The University of Kansas Initiative in Ethics Education in Science and Engineering (KUI-EESE)

Principal Investigator: 
Project Overview
Background & Purpose: 

KU-EESE had three primary objectives:

  1. To enhance instruction in ethics in the STEM disciplines through development of stand-alone courses in scientific ethics and support for faculty development of ethics modules embedded in field-specific courses.
  2. To disseminate approaches to ethics instruction through the documentation of both the stand-alone and embedded ethics modules using on-line course portfolios that included both relevant assignments and sample student work.
  3. To assess of the relative impact of standard graduate-level exposure to ethical concepts, enrollment in stand-alone ethics courses, and enrollment in courses incorporating embedded ethics modules.
Setting: 

The project was located at the University of Kansas, Kansas State University and the University of Missouri-Kansas City.

Research Design: 

The research design for this project is cross-sectional and comparative. The project is designed to generate evidence that is associative/correlational [quasi-experimental] and causal [quasi-experimental]. The project also collects original data using assessments of learning [achievement tests] and survey research [self-completion questionnaire].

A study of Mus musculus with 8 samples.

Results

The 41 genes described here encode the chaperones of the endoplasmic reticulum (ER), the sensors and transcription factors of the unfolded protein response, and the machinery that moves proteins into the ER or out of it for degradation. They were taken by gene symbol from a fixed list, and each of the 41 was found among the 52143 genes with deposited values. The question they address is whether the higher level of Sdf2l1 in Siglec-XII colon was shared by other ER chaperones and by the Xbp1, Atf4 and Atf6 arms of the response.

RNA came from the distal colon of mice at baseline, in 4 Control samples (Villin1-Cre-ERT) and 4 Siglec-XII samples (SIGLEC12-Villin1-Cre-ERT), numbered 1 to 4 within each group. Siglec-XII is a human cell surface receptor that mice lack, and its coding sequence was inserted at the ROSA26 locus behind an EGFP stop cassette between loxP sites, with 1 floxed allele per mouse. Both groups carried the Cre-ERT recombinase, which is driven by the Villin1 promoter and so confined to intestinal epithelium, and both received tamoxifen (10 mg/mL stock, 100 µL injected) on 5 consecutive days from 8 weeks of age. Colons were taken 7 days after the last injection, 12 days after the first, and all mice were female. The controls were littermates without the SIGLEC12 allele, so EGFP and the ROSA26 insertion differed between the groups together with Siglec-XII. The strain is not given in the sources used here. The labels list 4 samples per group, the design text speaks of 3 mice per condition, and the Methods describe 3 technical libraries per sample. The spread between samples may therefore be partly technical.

Analysis plans include a regression analysis of the impacts of different instructional approaches on a variety of outcomes constructed from the two instruments used in the study, i.e. the Vanderbilt University Medical College Responsible Conduct of Research Test and the Defining Issues Test.

Findings: 

Analysis of primary effects of different instructional approaches indicates that relative to the case of no formal ethics training both stand alone ethics instruction and embedded ethics modules have some impact on student attitudes, and perception, but not knowledge of RCR, and that there is no statistically significant difference between the two instructional approaches.

Other Products: 

The project will produce course portfolios describing specific approaches to incorporating instructional in ethical reasoning, along with sample student work.